How to Kill Your Corps!

howtokillyourcorps

There’s nothing more time consuming, exhausting, and fulfilling as being a part of ministry in a vibrant and healthy body of believers. If you’re into that sort of thing… For the rest of you, here are just some friendly tips to ensure your Corps dies a slow, fruitless death, giving you plenty of time to focus on taking care of what really matters–yourself. If you’re looking to enjoy a safe, comfortable, stress free life, then simply use these four easy steps and you’ll find yourself with plenty of time to kick back as your ministry dies.

1) Don’t Pray

Samuel Chadwick once said, “The one concern of the devil is to keep Christians from praying. He fears nothing from prayerless studies, prayerless work, and prayerless religion. He laughs at our toil, mocks at our wisdom, but trembles when we pray.” So the most important thing you can do to kill your Corps is make sure everyone works really hard in their own strength until they’re burnt out. That way, they’ll either leave or they’ll become so bitter and angry they’ll just tear each other a part. A lot of Corps have stopped at this step and they’ve had great success at quickly falling into obscurity.


You’re good at figuring out what to do as you go along. Who’s got time to sit around being still and waiting on the Lord? You’ve got errands and programs and stuff. And TV! You do have a lot of TV to catch up on. After all, like Proverbs 29:18 states, “where there is no vision, the people perish,” so if you’re trying to kill a Corps make sure to coast as much as you can. Sure, you can flip through the lesson plan during Sunday School opening, or throw your sermon together at the last minute (it’ll probably come together by the end, right?). Heck, pick out the songs while everyone is filtering in–just keep coasting. If you really gave the Lord your best effort, he’d probably just bless it and you’d be back to square one!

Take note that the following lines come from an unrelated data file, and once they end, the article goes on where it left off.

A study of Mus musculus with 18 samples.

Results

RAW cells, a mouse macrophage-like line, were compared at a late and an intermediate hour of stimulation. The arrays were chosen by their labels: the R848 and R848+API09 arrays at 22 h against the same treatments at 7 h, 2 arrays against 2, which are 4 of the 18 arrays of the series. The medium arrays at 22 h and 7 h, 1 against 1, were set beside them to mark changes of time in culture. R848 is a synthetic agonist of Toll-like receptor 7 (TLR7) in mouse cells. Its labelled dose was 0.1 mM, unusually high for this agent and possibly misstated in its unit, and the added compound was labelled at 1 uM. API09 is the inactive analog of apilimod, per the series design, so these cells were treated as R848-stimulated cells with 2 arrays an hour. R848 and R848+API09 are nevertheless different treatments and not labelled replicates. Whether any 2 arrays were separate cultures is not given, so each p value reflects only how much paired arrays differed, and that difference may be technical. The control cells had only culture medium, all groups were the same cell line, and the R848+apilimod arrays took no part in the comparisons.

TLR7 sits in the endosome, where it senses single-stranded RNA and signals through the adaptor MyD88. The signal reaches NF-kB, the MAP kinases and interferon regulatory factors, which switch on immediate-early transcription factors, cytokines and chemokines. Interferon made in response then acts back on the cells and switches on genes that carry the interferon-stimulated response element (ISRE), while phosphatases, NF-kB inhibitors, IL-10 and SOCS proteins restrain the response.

3) Don’t Change

If it ain’t broke, don’t fix it! Your Corps has been in steady decline for a few decades now, so you must being doing something right. Along with not planning or visioning, ensuring that an honest assessment of strengths and weaknesses is neglected will keep you on track to the imminent demise you’ve worked so hard for. Honestly evaluating the efficacy of your work might lead you to try new things, or invest resources differently, to reach people for Christ in your community. Just keep your head in the sand and you’ll do just fine.

4) Wear Your Uniform Proudly

You know how Jesus, when he washed the disciples’ feet, disrobed and basically put on the garment of a slave? That’s how the uniform is meant to be worn, as a mark of our humble place in the Kingdom, backed up with a real and genuine humility. But while others might have been ‘saved to save’, or ‘saved to serve’, you were saved to swagger! If you can make the uniform simply a symbol of status, position, or membership, no one will work that hard to join your weird club. So wear it with pride baby! Pride in yourself that is–but only when it benefits you, and make sure you don’t get yours dirty or ragged actually getting out into your community (unless they’re handing out trophies or something).


  • Have you seen any of these things kill a Corps (no specifics/names please)?
  • How can we change some of these attitudes?
  • Have you personally overcome any of these pitfalls in your ministry?
The 4th point was edited for clarity. It originally read, “Others might have been ‘saved to save’, or ‘saved to serve’, but come on! You were saved to swagger! Sure the uniform used to be the mark of a crucified life submitted to the Lordship of Jesus, but if you can make it simply a symbol of status, position, or membership, no one will work that hard to join your weird club. So wear it with pride baby! But only when it benefits you, and make sure you don’t get yours dirty or ragged actually getting out into your community (unless they’re handing out trophies or something).”